Parents' Guide to

A Million Little Pieces

By Tara McNamara, Common Sense Media Reviewer

age 17+

Adults-only rehab drama shocks but falls short on story.

Movie R 2019 113 minutes
A Million Little Pieces Poster Image

A Lot or a Little?

What you will—and won't—find in this movie.

Community Reviews

age 17+

Based on 1 parent review

age 17+

A Million Little Pieces - Come In For Repair

While maybe not always completely successful in conveying its important message, this work wears its heart on its sleeve. At times it’s a hard watch, with some slightly over-the-top details but offers important considerations to all those booked in for serious detox treatment; A: Think seriously about all the challenges, regardless of your biased beliefs. B: Remember, others before you, have overcome their petty and physical opposition towards the cures outlined stages, and gone on to win the battle – give up and you’re lost. Good performances manage to keep it on target and it’s always interesting to see Australian Odessa Young on screen (even though here quite bleak) The co-writing and direction by the co-writer/lead performer’s wife is competent and the two eventually manage to make us feel for the subject. Between the above-average cinematography, there’s also a hard-working soundtrack helping to move it along. A couple of early, overindulged scenes finally give way to serious outcomes – even if not all as fully desired. Note: Heavy Language, nudity, drug use

Is It Any Good?

Our review:
Parents say: (1 ):
Kids say: Not yet rated

Frey's story is intended as a scared-straight awakening, but it feels more like a series of slaps in the face. Watching A Million Little Pieces is a visceral experience that's meant to shock you into understanding the intense struggle of trying to escape addiction. But it ends up being too much unpleasant imagery and too little story-building. For instance, we get a year-by-year laundry list of James' dalliances with drugs and alcohol but never hear which events led him to pursue a high so relentlessly. And it's hard to see why other characters are drawn to him: He's a world-class jerk. Director Sam Taylor-Johnson and her husband/the film's star, Aaron Taylor-Johnson, co-wrote the script -- Aaron's first produced screenplay and Sam's second. The gritty memoir is a big bite for one's first chew; instead of a story that flows, what we get is a series of rehab vignettes.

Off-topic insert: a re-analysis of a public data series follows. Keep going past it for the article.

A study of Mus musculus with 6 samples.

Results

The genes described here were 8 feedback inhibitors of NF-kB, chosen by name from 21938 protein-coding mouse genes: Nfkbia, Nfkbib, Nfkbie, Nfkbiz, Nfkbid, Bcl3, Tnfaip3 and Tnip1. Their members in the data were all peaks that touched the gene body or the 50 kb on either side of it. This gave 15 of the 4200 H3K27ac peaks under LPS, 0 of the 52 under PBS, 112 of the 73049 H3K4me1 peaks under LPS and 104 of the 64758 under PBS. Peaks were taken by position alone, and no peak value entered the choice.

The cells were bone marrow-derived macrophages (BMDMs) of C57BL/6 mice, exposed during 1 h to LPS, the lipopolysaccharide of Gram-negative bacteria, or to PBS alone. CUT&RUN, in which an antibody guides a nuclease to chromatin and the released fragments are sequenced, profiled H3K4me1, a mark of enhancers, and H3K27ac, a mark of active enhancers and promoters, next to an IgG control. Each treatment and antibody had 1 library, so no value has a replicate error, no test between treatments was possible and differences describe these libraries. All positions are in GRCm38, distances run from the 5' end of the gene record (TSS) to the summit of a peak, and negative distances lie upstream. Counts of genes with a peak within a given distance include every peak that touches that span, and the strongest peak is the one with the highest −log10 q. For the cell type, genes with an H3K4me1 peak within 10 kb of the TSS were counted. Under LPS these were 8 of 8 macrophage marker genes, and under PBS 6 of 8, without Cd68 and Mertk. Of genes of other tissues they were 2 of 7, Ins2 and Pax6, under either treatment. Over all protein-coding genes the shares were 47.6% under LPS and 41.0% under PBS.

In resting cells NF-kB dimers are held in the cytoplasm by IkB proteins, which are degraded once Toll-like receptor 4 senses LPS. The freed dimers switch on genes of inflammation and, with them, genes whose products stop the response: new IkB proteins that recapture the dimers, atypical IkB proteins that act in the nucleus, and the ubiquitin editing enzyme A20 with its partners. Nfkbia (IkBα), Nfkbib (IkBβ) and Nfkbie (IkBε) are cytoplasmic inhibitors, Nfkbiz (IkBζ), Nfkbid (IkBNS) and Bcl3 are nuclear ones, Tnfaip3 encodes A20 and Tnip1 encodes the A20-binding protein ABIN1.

Both Taylor-Johnsons have immense talent, and so they're almost at odds with their own creation. Sam, known for her eye as an artist, adds a lovely aesthetic to scenes that are otherwise repulsive: a crack den fight; a wild party where James is high out of his mind and dancing fully naked, nethers swinging; and even a moment when he's slipping and sliding in the excrement he envisions running down the walls. Aaron is one of the finest actors of his generation, and it's easy to see why he'd be eager to bring his touch to this complicated character. But because of the disjointed storytelling, his performances comes off overwrought and act-y. Even old pro Billy Bob Thornton doesn't sizzle in every scene: His down home, comfortable delivery is welcome but out of place. Juliette Lewis, on the other hand, is spot on as a former addict-turned-drug counselor. In some scenes, elements shine; in others, those same elements fail. Living up to its title, the completed work never quite gels.